If concrete poetry is a form which confounds the reader’s sense of meaning, then perhaps it is easier to think of it not as poetry – something which can be read and (eventually, in the case of some poems) understood – but as an arrangement of letters and sometimes words which pleases the eye simply in its presentation of forms and shapes. Ian Hamilton Finlay believed that concrete poetry is voiceless, not meant to be spoken.
I was thinking of this when entering the
recent exhibition of Mira Schendel’s work at Hauser and Wirth. The creation of
her monotypes was occasioned by the gift of a ream of Japanese rice paper, so
fine and thin that Schendel wanted to exploit the difficulty of the material.
But every time she tried to draw or paint on the paper, it would tear. What
emerged, she said, came ‘out of chance and curiosity’. The
process she adopted was to cover a glass surface with oil paint, then laying a
sheet of rice paper over the top and using either her fingertips or the side of
her hand she would create shapes. What we get feels handmade because it is –
the hand being the tool employed, rather than a brush or pen.
Like Gego, Schendel came to South
America from Europe. Words and phrases enter the work in multiple languages.
She was inspired too by Stockhausen and his Song of the Youths which took texts
from the Book of Daniel. These fragmented and layered languages and texts might
give the impression of many voices at once. Laid out in the gallery in a
stretch of cases along the walls, the reflections of West End buildings also
merged with the frail marks, to give the impression of birds taking off into
Schendel wants us to associate these
drawings with movement. Sometimes she lifts the sheets out of the cases and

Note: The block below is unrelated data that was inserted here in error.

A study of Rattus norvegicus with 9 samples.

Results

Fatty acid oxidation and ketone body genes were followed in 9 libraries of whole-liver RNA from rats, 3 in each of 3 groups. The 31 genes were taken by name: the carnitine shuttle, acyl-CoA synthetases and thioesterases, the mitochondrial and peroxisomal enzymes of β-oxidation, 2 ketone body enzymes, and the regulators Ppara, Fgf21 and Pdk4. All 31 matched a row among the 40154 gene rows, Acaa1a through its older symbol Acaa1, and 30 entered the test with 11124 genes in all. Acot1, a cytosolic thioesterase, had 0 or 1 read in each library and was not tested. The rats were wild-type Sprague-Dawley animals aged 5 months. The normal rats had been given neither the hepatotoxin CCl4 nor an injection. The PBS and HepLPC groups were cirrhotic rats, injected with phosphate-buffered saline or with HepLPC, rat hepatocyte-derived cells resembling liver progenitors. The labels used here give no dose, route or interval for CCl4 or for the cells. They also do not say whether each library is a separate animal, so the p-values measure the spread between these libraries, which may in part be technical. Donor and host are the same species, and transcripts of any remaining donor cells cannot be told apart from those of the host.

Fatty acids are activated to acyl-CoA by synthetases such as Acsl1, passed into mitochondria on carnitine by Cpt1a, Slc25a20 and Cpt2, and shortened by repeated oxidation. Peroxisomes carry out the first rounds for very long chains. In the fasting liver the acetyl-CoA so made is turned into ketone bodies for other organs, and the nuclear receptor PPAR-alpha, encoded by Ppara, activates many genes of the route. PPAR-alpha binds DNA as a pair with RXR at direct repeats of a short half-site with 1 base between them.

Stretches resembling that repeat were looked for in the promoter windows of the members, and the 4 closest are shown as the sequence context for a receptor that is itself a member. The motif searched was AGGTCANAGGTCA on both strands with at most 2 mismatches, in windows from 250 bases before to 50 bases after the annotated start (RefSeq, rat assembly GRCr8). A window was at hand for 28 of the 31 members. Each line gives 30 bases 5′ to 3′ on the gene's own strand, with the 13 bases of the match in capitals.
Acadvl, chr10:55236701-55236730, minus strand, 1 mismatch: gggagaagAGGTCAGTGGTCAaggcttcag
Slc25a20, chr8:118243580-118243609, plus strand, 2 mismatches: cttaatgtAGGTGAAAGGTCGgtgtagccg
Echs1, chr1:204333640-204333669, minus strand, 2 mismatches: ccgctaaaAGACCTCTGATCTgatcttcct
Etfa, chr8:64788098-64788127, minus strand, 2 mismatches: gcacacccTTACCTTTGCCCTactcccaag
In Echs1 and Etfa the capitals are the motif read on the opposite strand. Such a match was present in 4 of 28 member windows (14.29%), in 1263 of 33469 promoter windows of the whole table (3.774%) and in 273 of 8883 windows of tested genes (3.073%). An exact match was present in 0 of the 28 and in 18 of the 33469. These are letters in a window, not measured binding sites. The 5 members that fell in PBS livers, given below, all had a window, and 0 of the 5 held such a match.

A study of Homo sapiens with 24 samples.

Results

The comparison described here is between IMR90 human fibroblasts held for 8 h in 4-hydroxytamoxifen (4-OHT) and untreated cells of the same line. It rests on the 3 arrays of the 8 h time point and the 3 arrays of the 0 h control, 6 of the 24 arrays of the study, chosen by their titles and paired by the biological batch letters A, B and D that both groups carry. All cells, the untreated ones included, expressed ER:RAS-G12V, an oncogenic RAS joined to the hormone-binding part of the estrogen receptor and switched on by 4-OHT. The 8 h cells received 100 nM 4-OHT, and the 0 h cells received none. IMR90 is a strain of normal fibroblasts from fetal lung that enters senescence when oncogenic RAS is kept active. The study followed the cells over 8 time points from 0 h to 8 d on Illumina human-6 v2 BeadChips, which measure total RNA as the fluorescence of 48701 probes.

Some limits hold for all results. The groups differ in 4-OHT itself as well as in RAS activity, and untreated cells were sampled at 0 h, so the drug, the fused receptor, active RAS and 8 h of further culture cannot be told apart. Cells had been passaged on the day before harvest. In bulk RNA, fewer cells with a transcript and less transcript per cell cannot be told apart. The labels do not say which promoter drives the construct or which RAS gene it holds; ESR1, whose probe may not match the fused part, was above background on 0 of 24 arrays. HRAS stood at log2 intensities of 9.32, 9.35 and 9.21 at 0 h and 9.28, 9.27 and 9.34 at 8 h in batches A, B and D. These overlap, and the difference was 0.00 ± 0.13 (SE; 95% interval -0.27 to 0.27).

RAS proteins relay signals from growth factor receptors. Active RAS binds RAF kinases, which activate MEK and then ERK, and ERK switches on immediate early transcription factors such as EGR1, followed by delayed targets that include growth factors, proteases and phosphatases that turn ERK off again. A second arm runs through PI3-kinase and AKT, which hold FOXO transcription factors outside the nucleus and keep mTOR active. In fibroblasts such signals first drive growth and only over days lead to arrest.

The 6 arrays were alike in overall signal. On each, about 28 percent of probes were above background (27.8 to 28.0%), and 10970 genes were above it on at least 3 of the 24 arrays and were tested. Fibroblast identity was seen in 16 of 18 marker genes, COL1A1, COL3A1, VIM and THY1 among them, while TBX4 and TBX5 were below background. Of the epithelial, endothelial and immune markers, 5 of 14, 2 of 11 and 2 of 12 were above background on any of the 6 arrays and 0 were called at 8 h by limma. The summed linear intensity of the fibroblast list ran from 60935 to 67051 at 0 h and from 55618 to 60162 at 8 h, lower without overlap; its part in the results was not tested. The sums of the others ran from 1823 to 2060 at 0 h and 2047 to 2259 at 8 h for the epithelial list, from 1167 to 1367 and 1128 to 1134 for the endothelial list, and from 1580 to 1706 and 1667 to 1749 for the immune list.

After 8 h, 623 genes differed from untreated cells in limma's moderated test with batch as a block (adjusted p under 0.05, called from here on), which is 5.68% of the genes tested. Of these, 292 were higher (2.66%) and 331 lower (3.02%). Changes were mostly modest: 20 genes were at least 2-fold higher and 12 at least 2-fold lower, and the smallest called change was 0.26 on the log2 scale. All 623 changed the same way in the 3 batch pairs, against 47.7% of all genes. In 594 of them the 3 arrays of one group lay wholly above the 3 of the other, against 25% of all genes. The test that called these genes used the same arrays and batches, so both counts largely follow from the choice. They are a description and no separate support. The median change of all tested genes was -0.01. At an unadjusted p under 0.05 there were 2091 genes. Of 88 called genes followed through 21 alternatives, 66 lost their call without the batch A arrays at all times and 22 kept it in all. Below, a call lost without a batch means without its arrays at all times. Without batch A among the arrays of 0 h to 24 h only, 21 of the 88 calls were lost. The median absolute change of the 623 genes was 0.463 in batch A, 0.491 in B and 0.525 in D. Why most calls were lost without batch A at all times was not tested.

suspends them from wires, as in the sculptural piece Trenzinho / Little Train, a train moving through an
imaginary landscape, a train of thought, a flimsy sheet of paper trained to
become something more than itself. But ‘little’ keeps us focused on the scale,
thinking about the artist stringing these sheets herself, no higher than her
body can reach; the intimacy of the hand. Hand made.
Schendel liked the fact we can see
through the paper, so that each drawing, whether laid flat or strung along in
air, is itself, but also what we can see through it. The drawings in the cases
and their reflected city in the glass providing us with a double view, but also
the illusion of something reflective rather than transparent – pick a sheet up
our of its case, and we would see our own hand through it.
I followed Schendel’s train out of my
own city, and to another – Edinburgh – where her work is part of a group show
of South American constructivists. Her disk of letters, like the monotypes, stems
from the idea of ‘seeing through something’, how that expression really means
gaining the truth by exposing the artifice; but Schendel subverts that by
asking us to ‘read’ a text that isn’t fixed, that dances in the air and is
I love being confounded by her wor(l)d.